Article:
October 12, 1985: Crystal Palace 3-2 Oldham
I’d just broken into Palace’s first team and had been threatening to do well coming off the bench. Steve Coppell brought me on with 15 minutes to go with the score at 2-2. Alan Irvine crossed from the right and I headed it in at the far post to score my first professional goal. It was easily one of the greatest moments of my life. To come on and score the winner in the last couple of minutes and hear the Palace fans sing my name for the first time was the most unbelievable feeling ever.
August 22, 1989: Crystal Palace 1-1 Man United
After winning promotion, we played Manchester United at home in the old First Division. They had the likes of Bryan Robson, Mark Hughes and Paul Ince playing for them. We were losing 1-0 after Robbo had given them the lead, but I equalised in the last few minutes. People had been saying: “You scored in the Second Division, but can you do it in the top league?” When I did it in the first home game of the season against Man United I realised: “I’m in the big league.”
May 12, 1990: Crystal Palace 3-3 Man United
After breaking my leg twice it was touch and go whether I’d be able to play in the FA Cup final, but I was named as a sub. We were losing 2-1 and I came on and scored the equaliser, before giving us the lead in extra-time. I was thinking: “Oh my God, this is a fairy tale – I’m going to be a hero for the club that gave me my chance in football.” Then Mark Hughes scored the equaliser. When I woke up the next day the whole world knew me. My life had changed.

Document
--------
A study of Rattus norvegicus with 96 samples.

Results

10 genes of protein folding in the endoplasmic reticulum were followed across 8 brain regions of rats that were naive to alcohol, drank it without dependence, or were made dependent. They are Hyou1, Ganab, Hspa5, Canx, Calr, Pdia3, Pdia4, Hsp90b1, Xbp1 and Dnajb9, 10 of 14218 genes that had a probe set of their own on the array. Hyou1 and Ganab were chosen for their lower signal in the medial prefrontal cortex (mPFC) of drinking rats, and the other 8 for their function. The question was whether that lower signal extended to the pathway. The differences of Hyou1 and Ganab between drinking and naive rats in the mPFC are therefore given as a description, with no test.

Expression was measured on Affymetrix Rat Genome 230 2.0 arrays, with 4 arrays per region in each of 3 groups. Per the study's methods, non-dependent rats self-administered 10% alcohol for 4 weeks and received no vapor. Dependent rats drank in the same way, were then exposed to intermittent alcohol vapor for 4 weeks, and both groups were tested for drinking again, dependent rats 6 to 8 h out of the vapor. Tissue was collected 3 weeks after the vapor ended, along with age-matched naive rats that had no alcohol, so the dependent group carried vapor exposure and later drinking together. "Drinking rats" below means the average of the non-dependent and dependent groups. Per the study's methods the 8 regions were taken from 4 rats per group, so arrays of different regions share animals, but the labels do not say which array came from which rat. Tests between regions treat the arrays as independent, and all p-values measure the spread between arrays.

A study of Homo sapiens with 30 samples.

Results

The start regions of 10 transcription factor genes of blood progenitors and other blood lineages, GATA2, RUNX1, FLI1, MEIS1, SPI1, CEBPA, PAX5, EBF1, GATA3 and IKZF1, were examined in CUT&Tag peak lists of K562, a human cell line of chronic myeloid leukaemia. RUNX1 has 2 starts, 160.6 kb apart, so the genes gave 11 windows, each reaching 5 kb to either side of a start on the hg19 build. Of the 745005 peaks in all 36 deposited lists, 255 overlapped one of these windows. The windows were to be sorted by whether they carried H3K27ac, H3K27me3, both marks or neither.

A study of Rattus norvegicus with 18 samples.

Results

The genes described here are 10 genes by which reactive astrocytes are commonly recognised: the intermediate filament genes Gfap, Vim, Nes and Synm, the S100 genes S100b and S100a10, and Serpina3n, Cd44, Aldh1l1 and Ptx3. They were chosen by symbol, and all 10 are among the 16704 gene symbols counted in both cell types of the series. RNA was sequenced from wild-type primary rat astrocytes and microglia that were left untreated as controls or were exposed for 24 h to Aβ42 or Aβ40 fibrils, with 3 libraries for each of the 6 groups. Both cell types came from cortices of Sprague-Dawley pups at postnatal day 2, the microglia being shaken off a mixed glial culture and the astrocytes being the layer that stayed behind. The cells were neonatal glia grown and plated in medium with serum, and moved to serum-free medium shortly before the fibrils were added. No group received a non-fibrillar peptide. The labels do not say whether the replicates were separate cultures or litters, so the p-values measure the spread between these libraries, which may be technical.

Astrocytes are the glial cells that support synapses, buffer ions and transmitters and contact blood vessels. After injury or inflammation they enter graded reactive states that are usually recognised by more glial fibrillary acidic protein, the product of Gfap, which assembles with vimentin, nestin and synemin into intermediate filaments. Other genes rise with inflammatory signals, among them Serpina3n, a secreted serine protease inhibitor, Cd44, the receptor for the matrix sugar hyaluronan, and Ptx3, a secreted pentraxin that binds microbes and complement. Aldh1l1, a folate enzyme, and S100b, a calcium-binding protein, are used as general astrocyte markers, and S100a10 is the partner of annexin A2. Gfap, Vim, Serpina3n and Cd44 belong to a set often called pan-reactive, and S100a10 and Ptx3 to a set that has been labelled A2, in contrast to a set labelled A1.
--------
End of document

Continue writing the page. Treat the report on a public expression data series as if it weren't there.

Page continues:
September 28, 1991: Southampton 0-4 Arsenal
Steve Coppell told me in training that Palace had accepted a bid from Arsenal and I had to go and see George Graham. The first thing I said was: “I can’t: I’ve got to buy my mum a telly.” I made my league debut at Southampton and scored a hat-trick. My friend Rocky Rocastle, who passed away, scored the other goal. It was emotional because we grew up on the Brockley estate together.
May 29, 1993: Poland 1-1 England
I was getting a lot of stick and the press were saying I’d never score for England. We were losing 1-0 and Graham Taylor brought me on and I scored the equaliser with six minutes to play. Everyone could see how much it meant by how I celebrated. To score for my country meant the world. It changed my life again, because people were saying I wasn’t good enough.
May 3, 1998: Arsenal 4-0 Everton
I wouldn’t want people to say I scored goals but didn’t win anything; that’s why I jumped on Tony Adams’ back when he scored against Everton – we’d won the Premier League. Roy Keane used to tease me: “Wrighty, you’ve only got loser's medals,” so I shouted to the camera: “Keano, I’ve got a winner’s medal!”
Interview: Ben Welch. This feature first appeared in the July 2012 issue of FourFourTwo magazine. Subscribe!